An Albemarle County Circuit Court judge has officially dismissed a lawsuit against the county school division’s anti-racism program in an order filed last week.

Judge Claude Worrell dismissed the case with prejudice, meaning that the complaints can’t be refiled in the circuit court. The order is in line with how Worrell said he would rule during an April hearing in the case. The lawsuit alleged that the school division’s anti-racism policy discriminated against students and created a culture of hostility in schools.

At the hearing, Worrell said that although the policy in question is not perfect, the case laid out in the lawsuit was not strong enough to continue.

“The law doesn’t support you,” he told the attorneys representing the plaintiffs.

Worrell ruled that the plaintiffs who filed the lawsuit lacked standing to bring their claims to court and didn’t state a cause of action under Virginia law that allowed them to bring the case to court. The plaintiffs’ objected to the order, according to the filing.

Filed in December, five families claimed the school division violated their civil rights, including freedom of speech and freedom from religious and viewpoint discrimination, when it implemented the anti-racism policy it adopted in 2019. The families, whose children attend schools in the western feeder pattern, are represented by the Alliance Defending Freedom, an Arizona-based nonprofit.

The complaint was largely based on anti-racism lessons piloted at Henley Middle School that focused on bias, race, identity, culture and empathy through readings, activities and question prompts. ADF also is representing a former Albemarle employee who is suing the school system for alleged retaliation and harassment she experienced after complaining about an anti-racism training.

More recently, ADF sued the Harrisonburg City Public Schools over its policy outlining the rights of transgender and gender-expansive students.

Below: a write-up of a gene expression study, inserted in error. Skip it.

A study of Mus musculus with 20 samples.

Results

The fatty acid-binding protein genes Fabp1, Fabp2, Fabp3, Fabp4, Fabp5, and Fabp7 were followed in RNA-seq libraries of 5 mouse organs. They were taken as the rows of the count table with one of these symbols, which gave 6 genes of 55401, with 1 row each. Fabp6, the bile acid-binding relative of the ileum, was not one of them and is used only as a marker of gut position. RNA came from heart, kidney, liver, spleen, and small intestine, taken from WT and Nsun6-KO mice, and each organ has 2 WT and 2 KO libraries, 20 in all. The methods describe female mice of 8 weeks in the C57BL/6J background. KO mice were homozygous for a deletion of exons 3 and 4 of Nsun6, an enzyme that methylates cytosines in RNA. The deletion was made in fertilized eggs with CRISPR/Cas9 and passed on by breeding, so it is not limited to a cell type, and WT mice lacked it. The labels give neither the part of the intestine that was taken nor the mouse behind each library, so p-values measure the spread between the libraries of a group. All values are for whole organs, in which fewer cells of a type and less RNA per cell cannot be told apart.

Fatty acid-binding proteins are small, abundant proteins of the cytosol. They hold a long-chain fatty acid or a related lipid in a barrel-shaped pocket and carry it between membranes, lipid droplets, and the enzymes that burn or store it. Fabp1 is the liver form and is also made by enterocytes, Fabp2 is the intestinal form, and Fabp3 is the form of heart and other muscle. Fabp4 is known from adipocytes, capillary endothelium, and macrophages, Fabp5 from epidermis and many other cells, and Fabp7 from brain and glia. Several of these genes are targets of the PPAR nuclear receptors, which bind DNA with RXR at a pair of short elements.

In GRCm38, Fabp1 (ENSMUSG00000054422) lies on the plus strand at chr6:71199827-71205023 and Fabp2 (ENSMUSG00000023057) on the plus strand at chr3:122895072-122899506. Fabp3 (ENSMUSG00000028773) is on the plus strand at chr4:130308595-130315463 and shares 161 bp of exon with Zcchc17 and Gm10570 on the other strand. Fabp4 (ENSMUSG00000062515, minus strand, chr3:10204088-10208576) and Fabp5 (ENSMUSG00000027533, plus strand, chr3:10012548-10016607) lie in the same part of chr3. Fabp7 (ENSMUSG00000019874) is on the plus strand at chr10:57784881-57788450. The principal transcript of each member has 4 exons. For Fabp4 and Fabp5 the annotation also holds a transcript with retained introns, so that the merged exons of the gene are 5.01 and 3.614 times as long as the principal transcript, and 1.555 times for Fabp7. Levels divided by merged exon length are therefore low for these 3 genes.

Since the April hearing, a few of the plaintiffs have spoken out about the policy in interviews with the NY Post and in appearances on Fox News. The parents suing the Albemarle County district are Carlos and Tatiana Ibañez, Matthew and Marie Mierzejewski, Kemal and Margaret Gokturk, Erin and Trent D. Taliaferro and Melissa Riley. Their children were identified only by initials.

Riley said on Fox News about her son who is an eighth-grader at Henley Middle School, started having racial issues after the Henley lessons.

“He’s seeing himself just as a Black man,” Riley said on Fox News about her son. “He’s seeing things that don’t go his way as racism and he is finding safety in numbers now.”

She added that the lessons changed his perspective. When she asked her son to clean the house or do chores, her son would claim racism, she said.

“He’s using it as an excuse because they told him that’s how people see him, that as a Black man, the world is against him now,” she told Jesse Watters.

ADF said Tuesday that the ruling was disappointing and promised to appeal it.

“Every student deserves to be treated equally under the law, regardless of their race, ethnicity, or religion,” Alliance Defending Freedom Senior Counsel Kate Anderson said in a statement. “Public schools cannot attack or demean students based on these or any other characteristics. We look forward to continuing to represent these parents and students as they stand up against a school district that continues to ignore their legitimate interests and legal rights.”

Richmond-based attorneys from Harman, Claytor, Corrigan and Wellman are representing the School Board and division.

The School Board has argued the lawsuit should be dismissed because the plaintiffs lack standing to sue and failed to show how they were discriminated against or harmed. Additionally, the provisions of the Constitution of Virginia that the plaintiffs allege the School Board violated cannot be enforced without an underlying statute, according to the School Board’s attorneys.

The schools attorneys outlined their positions in several motions filed in January, including a 16-page demurrer, which is similar to a federal motion to dismiss.

Worrell agreed with that position, sustaining the defendant’s plea in bar, a motion that sought to bar the complaint in its entirety, and part of the demurrer that disputed the plaintiff’s claim that parents have a fundamental right to control their child’s education under the Constitution of Virginia.

Worrell didn’t rule on the other motions in the case, which he said were no longer relevant after the dismissal.